England v South Africa, 1st Investec Test, 2nd day
Oval – Graeme Smith wrote himself another place in the history books with a century in his 100th Test and Hashim Amla joined him on three figures as the pair added 259 for the second wicket to put South Africa in a commanding position at The Oval. Tim Bresnan eventually broke through late in the second session, but it was a day of toil for the England bowlers.
Smith became the seventh batsman to have raised three figures in appearances and with the bat on the same occasion, joining a list that read Cowdrey, Miandad, Greenidge, Stewart, Inzamam and Ponting. Smith reached his landmark when he struck consecutive boundaries off Bresnan in the last over before lunch to reach his 25th hundred and his seventh against England.
South Africa have never lost when Smith has scored a century. It had been a masterclass in how to battle through tough periods after registering his slowest fifty in Test cricket, which took 160 balls - the next fifty runs needed just a further 41.
Amla's hundred, meanwhile, was a beautiful innings - his elegance in stark contrast to the cussedness and grit of Smith. He placed the ball into gaps with his subtle wrist work, driving England to distraction with his ability to manipulate the field. His century arrived from 199 balls with a glide to third man, followed by a calmer, slightly less emotional, celebration than his captain.
The finest, most compelling, contest of the morning came between Smith and Graeme Swann. It was an absorbing duel as Swann worked away from round the wicket to Smith trying to extract an outside edge or lbw against the left-hander. He came close on more than one occasion, twice sliding deliveries through to beat Smith on the back foot, and also turning deliveries past his outside edge with the aid of the footmarks.
Yet Smith resisted and when he connected with a strong sweep it seemed to release the pressure somewhat and indicated the increase in run-rate as South Africa earned the advantage of the early hard work. The first ball after the morning drinks break was an indication of where the balance of power was shifting as he drove Stuart Broad through the covers.
England's pace bowlers were forced to toil on an unresponsive surface. James Anderson was the best of them, probing away outside Smith's off stump during the first part of the day as England laid their stall out to play the waiting game. He drew a couple of false drives from Smith, but Amla was more secure and played a couple delightful off-side shots which threaded the gaps.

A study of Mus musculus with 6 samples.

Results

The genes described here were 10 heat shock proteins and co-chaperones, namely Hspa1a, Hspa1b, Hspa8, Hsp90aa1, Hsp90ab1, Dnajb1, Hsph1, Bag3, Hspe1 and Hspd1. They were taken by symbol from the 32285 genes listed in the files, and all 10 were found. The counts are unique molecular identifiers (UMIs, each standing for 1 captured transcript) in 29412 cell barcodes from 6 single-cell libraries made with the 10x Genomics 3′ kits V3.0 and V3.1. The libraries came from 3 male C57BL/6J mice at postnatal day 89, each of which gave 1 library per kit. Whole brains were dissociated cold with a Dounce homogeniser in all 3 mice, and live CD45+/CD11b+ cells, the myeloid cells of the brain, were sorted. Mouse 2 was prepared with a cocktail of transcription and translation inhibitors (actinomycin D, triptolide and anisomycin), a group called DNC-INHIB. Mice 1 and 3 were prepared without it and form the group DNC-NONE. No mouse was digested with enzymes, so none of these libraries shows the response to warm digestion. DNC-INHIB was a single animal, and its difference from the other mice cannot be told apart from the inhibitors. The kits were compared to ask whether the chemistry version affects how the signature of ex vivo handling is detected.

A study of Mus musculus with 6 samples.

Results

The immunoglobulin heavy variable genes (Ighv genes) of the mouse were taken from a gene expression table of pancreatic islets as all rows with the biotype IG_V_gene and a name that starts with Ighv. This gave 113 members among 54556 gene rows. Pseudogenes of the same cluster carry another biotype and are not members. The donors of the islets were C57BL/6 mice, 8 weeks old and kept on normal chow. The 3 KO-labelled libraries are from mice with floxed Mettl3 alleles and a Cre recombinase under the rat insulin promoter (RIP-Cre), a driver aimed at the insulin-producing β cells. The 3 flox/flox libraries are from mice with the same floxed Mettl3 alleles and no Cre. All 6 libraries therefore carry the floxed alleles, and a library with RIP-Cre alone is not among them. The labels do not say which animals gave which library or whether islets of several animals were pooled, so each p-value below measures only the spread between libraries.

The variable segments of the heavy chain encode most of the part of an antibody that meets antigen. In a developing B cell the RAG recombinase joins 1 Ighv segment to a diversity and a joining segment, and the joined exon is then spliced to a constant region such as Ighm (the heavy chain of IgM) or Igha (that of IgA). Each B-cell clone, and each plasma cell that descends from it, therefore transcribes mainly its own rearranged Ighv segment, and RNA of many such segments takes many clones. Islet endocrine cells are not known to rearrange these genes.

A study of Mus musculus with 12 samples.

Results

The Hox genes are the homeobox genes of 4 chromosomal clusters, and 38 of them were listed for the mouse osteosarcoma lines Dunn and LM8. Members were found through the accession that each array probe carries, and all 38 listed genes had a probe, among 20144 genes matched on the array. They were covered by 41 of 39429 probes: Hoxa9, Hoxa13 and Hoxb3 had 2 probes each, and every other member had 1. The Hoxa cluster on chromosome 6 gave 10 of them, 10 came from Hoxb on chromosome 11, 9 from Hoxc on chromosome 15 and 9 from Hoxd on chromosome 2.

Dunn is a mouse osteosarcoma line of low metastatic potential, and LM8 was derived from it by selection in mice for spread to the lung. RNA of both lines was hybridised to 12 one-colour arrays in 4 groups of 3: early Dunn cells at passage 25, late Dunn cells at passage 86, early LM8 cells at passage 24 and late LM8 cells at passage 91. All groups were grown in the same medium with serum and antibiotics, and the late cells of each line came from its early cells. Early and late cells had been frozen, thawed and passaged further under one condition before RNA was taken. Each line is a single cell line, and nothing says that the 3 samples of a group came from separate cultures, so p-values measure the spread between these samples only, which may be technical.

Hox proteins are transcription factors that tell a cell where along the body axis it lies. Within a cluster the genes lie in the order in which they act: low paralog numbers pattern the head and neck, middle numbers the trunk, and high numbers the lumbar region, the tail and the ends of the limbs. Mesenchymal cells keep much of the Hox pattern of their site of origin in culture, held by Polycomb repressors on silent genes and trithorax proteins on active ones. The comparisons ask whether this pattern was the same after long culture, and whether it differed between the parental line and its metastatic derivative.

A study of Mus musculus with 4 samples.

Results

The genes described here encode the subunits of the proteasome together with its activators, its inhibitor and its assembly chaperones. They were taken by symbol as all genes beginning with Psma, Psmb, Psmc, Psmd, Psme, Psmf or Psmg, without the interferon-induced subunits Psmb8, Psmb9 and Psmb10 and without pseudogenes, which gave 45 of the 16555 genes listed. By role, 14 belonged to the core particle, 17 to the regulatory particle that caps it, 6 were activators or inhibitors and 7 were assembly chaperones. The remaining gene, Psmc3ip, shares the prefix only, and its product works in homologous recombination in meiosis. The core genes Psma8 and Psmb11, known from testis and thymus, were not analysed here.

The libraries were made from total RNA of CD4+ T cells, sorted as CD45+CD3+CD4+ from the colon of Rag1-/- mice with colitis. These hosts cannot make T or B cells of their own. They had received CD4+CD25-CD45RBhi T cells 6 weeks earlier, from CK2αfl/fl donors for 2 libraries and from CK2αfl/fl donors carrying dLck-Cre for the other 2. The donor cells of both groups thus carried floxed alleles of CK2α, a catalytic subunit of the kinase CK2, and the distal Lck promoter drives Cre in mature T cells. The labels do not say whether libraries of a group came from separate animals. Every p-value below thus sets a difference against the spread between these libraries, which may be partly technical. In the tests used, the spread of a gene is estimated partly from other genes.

Broad was not quite at the top of his game and a five-over spell leaked 24 runs, although he did watch one leg-side flick from Smith fly past Kevin Pietersen who had been stationed at a close square-leg position. Ravi Bopara was given a bowl ahead of Bresnan as Andrew Strauss went through his options and hoped that the ball would start to reverse swing. It moved a little but when the bowlers start trying to force a ball change it's a sign that things are not going well.
England went into a holding pattern as they waited for the second new ball; Swann was left as there only real wicket-taking threat as the seamers generally bowled wide. In a sign of desperation they used up a review against Smith when Bresnan had an lbw appeal that always appeared to have pitched outside leg, but which Hot Spot showed had taken a thin edge to boot.
Having placed all their eggs in the new-ball basket it became the crunch moment for England but bowling against two batsmen with hundreds under their belts is a very different proposition to two on nought. Anderson has not found his usual hooping swing - although he has not bowled badly - and Broad's difficult innings continued when he was taken for three consecutive boundaries by Smith; two to third man and one to fine leg.
Eventually, though, in the eighth over of the new ball and Bresnan's first of a new spell he managed to squeeze one through Smith's defensive shot and the ball rolled back between his legs to dislodge the bail. However, walking in at No. 4 was a man with an average of nearly 57 and Jacques Kallis had a fantastic foundation to build on alongside the cruising Amla.